I've been wondering about the long term implications of the death of FCP as we know it. Our company has 20 seats of FCP 7 running off 2 Xsans in 2 locations. Over the past few years, our administration side of the company has slowly transferred over to Macs as well. It's much easier for us to manage one platform and share information.
But what happens if we transition over to Avid or Premiere Pro? We can run those apps on Mac or PC. That's something we'd have to consider from an economic perspective as our first generation Intel Power Macs start to age. And if our production machines change, then our administration machines would slowly follow. Not overnight, but I could see in 5 years that our company might shift from 40 or 50 Macs to 50 or more PCs.
Apple has always positioned Macs as the creative person's computer. But what happens if creative companies like ourselves switch to PCs?
Now I'm not saying we'll switch to PCs. I love working on Macs and would hate to change. FCP7 works well for us and we can carry on with it for the next couple of years. But business is business and these are decisions that Apple is forcing us to look at.
I'm still hoping that FCP-X evolves into something useful, but I'm not optimistic. And as our company changes, so will others.
Thoughts? Comments? Criticisms?
Well the animation and 3D graphics industry like the Mya crowd have been PC fanboys for a while now...
The vast majority of Avid systems I encounter at post facilities and broadcast operations are PC based.
From what I've gathered from FCPX, it looks like FCPX is based on iMovie's UI and database infrastructure. So even though Apple claims in their FAQ that OMF/XML output will be re-instated in concurrent updates, I wonder if the 'trackless' nature of FCPX/iMovie infrastructure means it won't translate as needed to the multiple track editing that sound designers require in their non-apple professional sound studio pipeline.
Essentially, my fear is that the iMovie-based programming infrastructure being the reason why FCP7 files can't be imported into FCPX, might also be a problem in an FCPX OMF/XML export.
Also, as this CNN news story points out, Apple is moving towards a more closed system where all Apple services and software will be pushed through their Appstore. As a matter of fact, OSX Lion will only be available for purchase and install through the Mac Appstore just like FCPX:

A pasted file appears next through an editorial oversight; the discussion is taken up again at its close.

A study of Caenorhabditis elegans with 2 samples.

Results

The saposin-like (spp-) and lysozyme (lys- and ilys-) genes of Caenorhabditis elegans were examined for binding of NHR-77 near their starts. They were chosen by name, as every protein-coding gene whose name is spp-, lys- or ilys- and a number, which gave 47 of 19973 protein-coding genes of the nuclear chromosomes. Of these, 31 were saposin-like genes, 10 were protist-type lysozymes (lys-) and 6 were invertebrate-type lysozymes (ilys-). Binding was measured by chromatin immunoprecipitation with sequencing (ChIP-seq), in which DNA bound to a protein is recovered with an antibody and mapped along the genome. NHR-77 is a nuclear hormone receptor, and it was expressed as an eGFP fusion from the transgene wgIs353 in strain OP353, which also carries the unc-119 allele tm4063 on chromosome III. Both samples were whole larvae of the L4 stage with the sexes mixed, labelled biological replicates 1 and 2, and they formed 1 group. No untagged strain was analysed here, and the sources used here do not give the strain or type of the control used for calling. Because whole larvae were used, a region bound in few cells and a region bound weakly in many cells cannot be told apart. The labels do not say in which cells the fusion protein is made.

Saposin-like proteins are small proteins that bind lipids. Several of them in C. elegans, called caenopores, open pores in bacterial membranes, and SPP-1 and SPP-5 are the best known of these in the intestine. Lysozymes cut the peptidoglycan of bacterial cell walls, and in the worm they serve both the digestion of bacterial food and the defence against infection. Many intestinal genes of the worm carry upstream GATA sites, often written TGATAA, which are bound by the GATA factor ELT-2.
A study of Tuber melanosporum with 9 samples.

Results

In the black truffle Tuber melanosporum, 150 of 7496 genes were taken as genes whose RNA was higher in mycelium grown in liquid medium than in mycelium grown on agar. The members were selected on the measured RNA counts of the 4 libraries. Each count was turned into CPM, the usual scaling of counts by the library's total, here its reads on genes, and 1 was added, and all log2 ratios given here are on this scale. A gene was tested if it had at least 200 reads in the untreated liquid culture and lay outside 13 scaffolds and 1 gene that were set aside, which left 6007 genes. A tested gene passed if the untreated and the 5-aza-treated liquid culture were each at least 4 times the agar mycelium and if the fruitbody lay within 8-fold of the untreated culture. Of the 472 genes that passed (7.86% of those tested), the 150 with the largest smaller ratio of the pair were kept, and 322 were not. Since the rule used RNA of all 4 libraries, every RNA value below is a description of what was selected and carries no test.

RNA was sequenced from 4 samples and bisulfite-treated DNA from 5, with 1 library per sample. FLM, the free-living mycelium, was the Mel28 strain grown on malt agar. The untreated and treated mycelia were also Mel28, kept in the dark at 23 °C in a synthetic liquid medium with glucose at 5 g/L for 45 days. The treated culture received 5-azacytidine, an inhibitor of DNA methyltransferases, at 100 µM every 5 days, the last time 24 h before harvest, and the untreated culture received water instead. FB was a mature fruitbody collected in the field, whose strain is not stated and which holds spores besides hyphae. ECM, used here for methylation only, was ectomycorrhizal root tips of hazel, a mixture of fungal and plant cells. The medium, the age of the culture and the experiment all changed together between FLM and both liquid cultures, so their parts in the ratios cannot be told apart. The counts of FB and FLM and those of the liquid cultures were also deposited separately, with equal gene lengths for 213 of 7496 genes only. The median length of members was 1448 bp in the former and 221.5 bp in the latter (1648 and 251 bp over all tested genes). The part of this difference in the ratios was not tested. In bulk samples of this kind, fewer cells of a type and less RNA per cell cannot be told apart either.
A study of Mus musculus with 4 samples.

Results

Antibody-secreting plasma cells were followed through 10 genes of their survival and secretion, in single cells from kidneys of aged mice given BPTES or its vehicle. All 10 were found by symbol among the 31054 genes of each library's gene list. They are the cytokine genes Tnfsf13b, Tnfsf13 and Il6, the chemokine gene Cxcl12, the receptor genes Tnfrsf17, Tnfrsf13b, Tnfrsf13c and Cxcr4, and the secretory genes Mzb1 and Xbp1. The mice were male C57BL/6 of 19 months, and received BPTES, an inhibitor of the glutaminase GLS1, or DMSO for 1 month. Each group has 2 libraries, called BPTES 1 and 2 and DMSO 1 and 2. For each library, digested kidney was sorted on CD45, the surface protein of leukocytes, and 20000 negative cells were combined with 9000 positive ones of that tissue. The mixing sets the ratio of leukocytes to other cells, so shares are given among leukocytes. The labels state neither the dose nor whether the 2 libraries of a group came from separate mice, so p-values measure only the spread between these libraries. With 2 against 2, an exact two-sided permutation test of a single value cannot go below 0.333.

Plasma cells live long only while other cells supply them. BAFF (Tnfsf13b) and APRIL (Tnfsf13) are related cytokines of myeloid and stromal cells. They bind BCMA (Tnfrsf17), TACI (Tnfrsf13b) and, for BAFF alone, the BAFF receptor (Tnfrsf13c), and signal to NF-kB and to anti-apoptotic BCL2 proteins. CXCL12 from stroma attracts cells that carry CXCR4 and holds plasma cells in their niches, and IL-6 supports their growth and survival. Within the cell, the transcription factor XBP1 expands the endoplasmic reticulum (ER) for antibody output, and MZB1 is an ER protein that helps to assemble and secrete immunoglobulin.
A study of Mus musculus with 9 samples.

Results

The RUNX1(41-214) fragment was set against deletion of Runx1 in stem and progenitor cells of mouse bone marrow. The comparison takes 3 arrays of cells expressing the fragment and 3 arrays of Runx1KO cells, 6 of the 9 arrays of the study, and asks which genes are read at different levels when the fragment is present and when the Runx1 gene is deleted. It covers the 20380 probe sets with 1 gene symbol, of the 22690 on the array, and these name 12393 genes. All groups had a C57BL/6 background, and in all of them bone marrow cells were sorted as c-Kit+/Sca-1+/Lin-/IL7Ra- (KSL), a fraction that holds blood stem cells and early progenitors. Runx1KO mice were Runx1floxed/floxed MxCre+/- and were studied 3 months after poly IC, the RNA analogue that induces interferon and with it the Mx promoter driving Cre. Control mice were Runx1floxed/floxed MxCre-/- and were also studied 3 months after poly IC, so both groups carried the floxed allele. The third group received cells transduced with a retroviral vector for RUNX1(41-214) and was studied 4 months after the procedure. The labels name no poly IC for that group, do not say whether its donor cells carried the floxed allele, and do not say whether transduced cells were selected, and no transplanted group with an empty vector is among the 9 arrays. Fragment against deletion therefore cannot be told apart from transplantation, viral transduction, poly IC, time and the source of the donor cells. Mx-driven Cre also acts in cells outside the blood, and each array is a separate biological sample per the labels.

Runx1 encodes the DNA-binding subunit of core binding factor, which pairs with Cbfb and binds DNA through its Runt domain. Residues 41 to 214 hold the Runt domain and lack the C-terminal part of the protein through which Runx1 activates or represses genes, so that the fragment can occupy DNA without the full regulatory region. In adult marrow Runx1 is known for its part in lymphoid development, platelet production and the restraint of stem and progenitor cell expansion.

I wonder if part of the reason for the stripped features of FCPX was to allow a manageable download from the App Store, and if future FCPX updates or "add-on features" such as Multi-cam will be monetized?
With the "paradigm-shift" that is FCPX, professionals have to speculate what the future of Apple computing will be since Apple's intended path is to push everything through the App Store. How will this affect non-Apple developers? Will Adobe be forced to 'strip down' their products to develop for an App Store-driven OS so that Apple can take 30% commission off of that? And will Adobe and 3rd party developers be game with that? Or will they consider such development as too much of a quality-loss/financial loss and cease developing for the Apple platform altogether?
As you can see, the FCPX discussion has more far-reaching repercussions not just to the editing world, but the creative professional world in general -- and the future of Apple computing as a whole. FCPX might just be the beginning.
Until Apple releases updates with the necessary plug-ins and the future of Apple computing becomes more clear, it might be safer to wait to see the outcome. But I wonder how long Apple can afford to wait as it seems that many professional shops aren't waiting around and are already ditching the Apple platform altogether.
[Stevo Chang] "it won't translate as needed to the multiple track editing that sound designers require in their non-apple professional sound studio pipeline"
For a demonstration of what happens to your audio with OMF export to ProTools see the demo on the Automatic Duck website:
It works just fine and all your tracks come through as you would expect them to, vertically configured as they were in FCPX.
Sweeet - thanks for the link to the demo! That clarifies my concern for OMF/XML output to ProTools.
[Simon Ubsdell] "It works just fine and all your tracks come through as you would expect them to, vertically configured as they were in FCPX."
It does not seem completely vertically configured in parellel to the FCPX timeline to me, though it does look somewhat more organized in the demo than I expected after reading the manual, which states that using compound clips can result in in lots of audio tracks in your Pro Tools session.
At this moment organizing the tracks seem not to be a feature yet, so a seperate organizing session in Pro Tools might be necessary, though with the 'audio role' meta data parameter which is present in FCPX that might change. But it's a start.
For larger facilities you might not need automatic duck on every editting station, so that still makes FCPX a bargain compared to its previous pricepoint.